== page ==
Weekly trades summary

5 Mar 2021 03:30 PM
Global markets saw many developments during the week that caused a decline in gold, a rise in bond yields, and a rise in oil.
• Selling pressure continues to dominate gold trading
Gold witnessed selling pressure during the week's trading, and retreated to its lowest level since June 2020. Trading now around $ 1694 an ounce.
US Fed chairman Powell's comments yesterday evening to the Wall Street Journal affected gold negatively, and he failed to address high inflation and rising US bond yields. Powell indicated that the rise in inflation is only temporary, and in the long run inflation rates may stabilize at about 2%, which ultimately supported the US dollar gains and in turn put pressure on commodity prices, especially gold.
• Powell's comments support the US bond rally
Despite the caution taken by investors about Powell's comments on the continued rise in bond yields, he asserted that these increases will not prompt the US Fed to raise interest rates which contributed to the yield hikes, putting further pressure on gold.
Powell said that he learned two lessons from the economic recession caused by Covid-19: "When you have a real crisis, act quickly and do not back down and do not stop until the job is done." Which seems to support the decision to maintain current policies and not raise interest rates.
• OPEC + deal supports oil prices
Oil prices rose to their highest levels in 14 months after OPEC+ agreed to extend the production cut and not ease supply restrictions. Brent crude rose to $68 a barrel, while West Texas crude rose to $64.94 a barrel.
OPEC+ was considering the possibility of increasing oil production by about one million barrels per day (bpd) to one and a half million bpd, while Russia and Kazakhstan were granted exemptions. A meeting is scheduled for the beginning of next April to discuss the production levels during the month of May.
Investors were surprised that Saudi Arabia decided to maintain its voluntary reduction of one million bpd until April, considering the rise in oil prices over the past two months.
"A host of factors have come together to bring the parties together, but the resulting increase in prices will definitely push the parties to change their minds when they meet again on April 1, 2021," Citigroup's commodity analysts said in a note.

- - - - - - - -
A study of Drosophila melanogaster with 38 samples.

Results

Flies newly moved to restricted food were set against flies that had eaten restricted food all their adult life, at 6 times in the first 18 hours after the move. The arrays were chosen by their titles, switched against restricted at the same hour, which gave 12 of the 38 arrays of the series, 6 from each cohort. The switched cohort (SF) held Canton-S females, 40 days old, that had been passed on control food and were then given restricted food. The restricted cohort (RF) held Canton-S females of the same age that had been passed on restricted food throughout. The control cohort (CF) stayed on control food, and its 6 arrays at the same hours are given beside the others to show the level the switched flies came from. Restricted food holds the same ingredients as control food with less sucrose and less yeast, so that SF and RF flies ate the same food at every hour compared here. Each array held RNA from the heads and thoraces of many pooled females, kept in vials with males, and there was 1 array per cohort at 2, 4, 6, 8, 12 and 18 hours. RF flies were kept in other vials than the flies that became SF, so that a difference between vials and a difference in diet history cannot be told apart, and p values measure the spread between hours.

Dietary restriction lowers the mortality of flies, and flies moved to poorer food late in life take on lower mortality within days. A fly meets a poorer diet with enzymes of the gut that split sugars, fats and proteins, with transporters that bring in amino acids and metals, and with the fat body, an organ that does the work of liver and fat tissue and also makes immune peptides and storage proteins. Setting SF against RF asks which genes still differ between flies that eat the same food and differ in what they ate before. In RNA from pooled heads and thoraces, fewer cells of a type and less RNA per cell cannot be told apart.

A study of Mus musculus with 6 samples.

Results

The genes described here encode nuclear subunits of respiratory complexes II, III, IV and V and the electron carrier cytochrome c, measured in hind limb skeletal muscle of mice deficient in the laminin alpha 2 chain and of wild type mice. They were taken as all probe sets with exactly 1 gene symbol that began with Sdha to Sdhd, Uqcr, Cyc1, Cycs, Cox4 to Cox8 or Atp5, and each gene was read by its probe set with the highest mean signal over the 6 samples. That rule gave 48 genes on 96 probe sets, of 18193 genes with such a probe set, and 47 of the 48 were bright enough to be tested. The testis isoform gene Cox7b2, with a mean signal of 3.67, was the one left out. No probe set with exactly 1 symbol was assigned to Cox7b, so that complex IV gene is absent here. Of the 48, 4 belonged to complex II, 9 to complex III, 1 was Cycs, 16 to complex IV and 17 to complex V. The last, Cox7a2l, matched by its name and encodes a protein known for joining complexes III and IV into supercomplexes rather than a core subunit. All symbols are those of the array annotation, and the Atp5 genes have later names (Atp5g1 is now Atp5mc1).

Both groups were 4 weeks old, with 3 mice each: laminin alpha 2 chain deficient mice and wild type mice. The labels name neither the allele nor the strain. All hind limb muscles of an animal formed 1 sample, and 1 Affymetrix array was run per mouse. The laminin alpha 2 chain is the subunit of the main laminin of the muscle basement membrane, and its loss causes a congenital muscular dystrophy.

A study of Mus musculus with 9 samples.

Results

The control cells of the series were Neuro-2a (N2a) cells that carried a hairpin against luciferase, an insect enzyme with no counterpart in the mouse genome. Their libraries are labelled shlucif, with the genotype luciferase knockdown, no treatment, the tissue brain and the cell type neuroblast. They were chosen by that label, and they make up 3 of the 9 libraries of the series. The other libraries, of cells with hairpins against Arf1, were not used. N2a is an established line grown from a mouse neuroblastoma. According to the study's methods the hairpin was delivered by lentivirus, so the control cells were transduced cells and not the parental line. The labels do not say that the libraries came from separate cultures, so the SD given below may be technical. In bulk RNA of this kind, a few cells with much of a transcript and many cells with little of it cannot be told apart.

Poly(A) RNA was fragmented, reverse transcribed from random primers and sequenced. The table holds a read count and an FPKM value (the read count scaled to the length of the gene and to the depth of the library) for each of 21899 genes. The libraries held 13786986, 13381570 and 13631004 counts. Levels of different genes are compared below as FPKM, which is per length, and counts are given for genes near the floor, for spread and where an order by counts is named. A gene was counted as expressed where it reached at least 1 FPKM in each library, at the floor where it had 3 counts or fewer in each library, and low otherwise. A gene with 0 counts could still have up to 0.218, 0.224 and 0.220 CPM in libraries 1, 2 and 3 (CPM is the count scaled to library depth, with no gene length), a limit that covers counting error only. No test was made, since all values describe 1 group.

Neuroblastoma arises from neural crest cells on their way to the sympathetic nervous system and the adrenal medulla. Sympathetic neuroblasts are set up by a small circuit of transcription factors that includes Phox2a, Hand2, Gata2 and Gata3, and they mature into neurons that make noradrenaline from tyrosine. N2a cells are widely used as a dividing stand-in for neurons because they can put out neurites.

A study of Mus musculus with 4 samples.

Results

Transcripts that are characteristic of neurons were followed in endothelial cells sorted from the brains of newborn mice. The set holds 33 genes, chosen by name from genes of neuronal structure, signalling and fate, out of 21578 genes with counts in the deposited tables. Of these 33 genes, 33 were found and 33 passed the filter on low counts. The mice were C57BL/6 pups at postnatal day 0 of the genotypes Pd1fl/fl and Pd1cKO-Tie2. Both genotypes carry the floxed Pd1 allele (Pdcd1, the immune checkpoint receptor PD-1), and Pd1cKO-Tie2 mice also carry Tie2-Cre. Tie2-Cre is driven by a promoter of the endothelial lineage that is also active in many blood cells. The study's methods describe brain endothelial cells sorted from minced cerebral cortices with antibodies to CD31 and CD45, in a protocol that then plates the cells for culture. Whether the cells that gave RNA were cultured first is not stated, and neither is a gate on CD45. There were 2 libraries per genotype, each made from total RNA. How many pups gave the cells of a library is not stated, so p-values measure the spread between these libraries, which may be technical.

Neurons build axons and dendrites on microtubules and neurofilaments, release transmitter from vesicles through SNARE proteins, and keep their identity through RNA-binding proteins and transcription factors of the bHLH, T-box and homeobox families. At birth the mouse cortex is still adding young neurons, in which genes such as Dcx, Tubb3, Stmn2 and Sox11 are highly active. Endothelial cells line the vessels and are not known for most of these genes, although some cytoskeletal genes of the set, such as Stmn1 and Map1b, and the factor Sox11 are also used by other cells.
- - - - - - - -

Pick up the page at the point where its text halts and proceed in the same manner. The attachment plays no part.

• NIO electric vehicle sales rise in the fourth quarter of 2020
On Monday, the electric car manufacturer announced its latest quarterly profits for 2020, and the market value of the company increased from $3.96 billion to $97.96 billion in February 2021.
The report showed that the company delivered 43.728k electric cars over the past year, up from 20.57k cars in 2019, an increase of 111%.
Now, NIO expects to deliver 20k to 20.5k cars in the first quarter of the year, an increase of 421% over the last year, with revenues rising between $1.13 billion to $1.16 billion.
• Impact of Employment Data on the US Dollar
Data released by the US Labor Department showed an improvement in employment during February, as the non-farm payroll showed a rise of 379k, beating expectations that indicated a rise of 197k and the previous reading at 49k.
It should be noted that the labor market sector has succeeded in adding the largest number of jobs since October 2020. Unemployment rates fell from 6.3% to 6.2%, while average hourly earning stabilized at 0.2% as expected.
The US dollar continued to rise against most of the major currencies on the back of this positive data and further improvement in the labour sector, as the euro dollar fell to 1.1890, its lowest level since last November, while the sterling pound fell to 1.3780.